Suffocated by a fish

Here’s a ‘news in brief’ item which appeared in the British Medical Journal in 1863, under this headline:Extraordinary deathA warder of the Bagne at Toulon, has just met his death in the following manner: he was amusing himself, while off duty, with fishing in the dock, when, having caught a fish about seven inches long and two broad, and not knowing where to place it, while baiting his hook conceived the idea of holding it between his teeth. The fish struggling in the convulsions of death, ended by slipping its head first into the mouth and thence owing to the viscous matter, with which the scales were covered, down his throat, completely filling up the cavity. The man rushed about for aid, but soon dropped dead from suffocation.

Extraordinary, but not unique. Four years earlier a similar case had been reported in a colonial medical journal, The Indian Lancet – this summary comes from Norman Chevers’s Medical Jurisprudence in India (1870):

In 1859, Dr. White reported the case of a strong Madras Bheestee, into whose mouth a fish had jumped while he was bathing. On opening the mouth, the tail of a large cat-fish presented itself with the body firmly fixed within the fauces, and filling up the isthmus completely. 

Diagram of the mouth
Helpful anatomical illustration

The fauces is the arch of tissue at the back of the mouth; the isthmus of the fauces is the opening it surrounds. 

It had entered flat, so that the fin of one side was posterior to the velum, and opened out on any attempt being made to withdraw the fish. The operation of oesophagotomy was commenced and abandoned. A piece of cane was made into a probang [probe], and, with it, attempts were made to press the fish downwards into the oesophagus. It did pass downwards, when the patient at once ceased to breathe, gave one convulsive struggle, and died to all appearance.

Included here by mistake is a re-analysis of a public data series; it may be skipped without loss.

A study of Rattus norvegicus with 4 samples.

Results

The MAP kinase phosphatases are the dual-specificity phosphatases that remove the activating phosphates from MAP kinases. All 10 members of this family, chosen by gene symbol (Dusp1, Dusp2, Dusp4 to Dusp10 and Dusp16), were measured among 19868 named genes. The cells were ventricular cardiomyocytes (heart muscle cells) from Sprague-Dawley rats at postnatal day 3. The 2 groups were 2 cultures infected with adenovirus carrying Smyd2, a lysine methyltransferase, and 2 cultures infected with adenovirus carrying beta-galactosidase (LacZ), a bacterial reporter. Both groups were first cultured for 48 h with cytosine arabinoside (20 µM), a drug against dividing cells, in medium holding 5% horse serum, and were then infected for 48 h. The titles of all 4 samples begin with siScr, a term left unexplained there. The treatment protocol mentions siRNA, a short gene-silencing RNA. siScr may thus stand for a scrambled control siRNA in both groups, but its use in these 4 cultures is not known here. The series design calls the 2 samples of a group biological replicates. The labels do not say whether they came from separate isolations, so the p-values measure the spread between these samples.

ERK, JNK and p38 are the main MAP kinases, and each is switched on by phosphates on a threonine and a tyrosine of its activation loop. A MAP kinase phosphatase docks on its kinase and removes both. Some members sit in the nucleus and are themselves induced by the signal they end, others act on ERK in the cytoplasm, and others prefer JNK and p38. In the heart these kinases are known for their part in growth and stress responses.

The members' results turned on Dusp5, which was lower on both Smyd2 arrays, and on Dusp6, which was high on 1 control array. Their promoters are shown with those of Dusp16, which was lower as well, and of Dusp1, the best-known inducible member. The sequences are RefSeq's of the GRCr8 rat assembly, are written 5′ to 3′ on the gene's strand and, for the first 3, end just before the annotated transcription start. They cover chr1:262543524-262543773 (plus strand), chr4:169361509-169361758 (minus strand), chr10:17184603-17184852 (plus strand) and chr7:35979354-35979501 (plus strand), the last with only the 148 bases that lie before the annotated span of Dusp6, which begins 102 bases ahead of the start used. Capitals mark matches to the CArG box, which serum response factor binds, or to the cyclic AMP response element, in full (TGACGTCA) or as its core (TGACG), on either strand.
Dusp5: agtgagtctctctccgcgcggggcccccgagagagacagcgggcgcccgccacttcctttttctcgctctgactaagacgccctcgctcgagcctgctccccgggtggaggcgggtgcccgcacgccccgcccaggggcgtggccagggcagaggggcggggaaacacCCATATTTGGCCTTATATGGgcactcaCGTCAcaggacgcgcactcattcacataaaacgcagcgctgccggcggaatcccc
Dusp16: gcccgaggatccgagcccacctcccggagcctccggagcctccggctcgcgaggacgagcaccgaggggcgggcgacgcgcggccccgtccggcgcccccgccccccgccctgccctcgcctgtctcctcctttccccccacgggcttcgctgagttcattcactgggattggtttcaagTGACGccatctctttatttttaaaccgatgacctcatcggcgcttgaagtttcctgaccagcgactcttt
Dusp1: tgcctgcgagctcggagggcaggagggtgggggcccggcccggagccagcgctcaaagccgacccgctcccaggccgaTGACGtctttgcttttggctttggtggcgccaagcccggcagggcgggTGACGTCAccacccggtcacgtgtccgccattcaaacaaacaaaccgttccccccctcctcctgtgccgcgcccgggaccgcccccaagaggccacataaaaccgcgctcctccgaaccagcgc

Not so good. But all was not lost: 

The trachea was immediately opened [in other words, they performed an emergency tracheostomy], and respiration was restored. In the course of the night the man coughed up the fish, the fins having become softened by decomposition. 

Nice. Nevertheless, better to cough up a decomposing fish than to die because it’s stuck in your throat. 

Dr. White states that “this is by no means an uncommon accident in India. Natives bathing and swimming, which they always do with their mouths wide open, 


in tanks that abound in fish, are not unfrequently brought to hospital dying from suffocation and alarm with a large cat-fish firmly impacted in the fauces. It is a coarse kind of fish, with long bony fins very sharp indeed at their extremities.”

So there you have it. Essential skills for practising emergency medicine in 19th-century India including removing unwanted fish from the windpipe.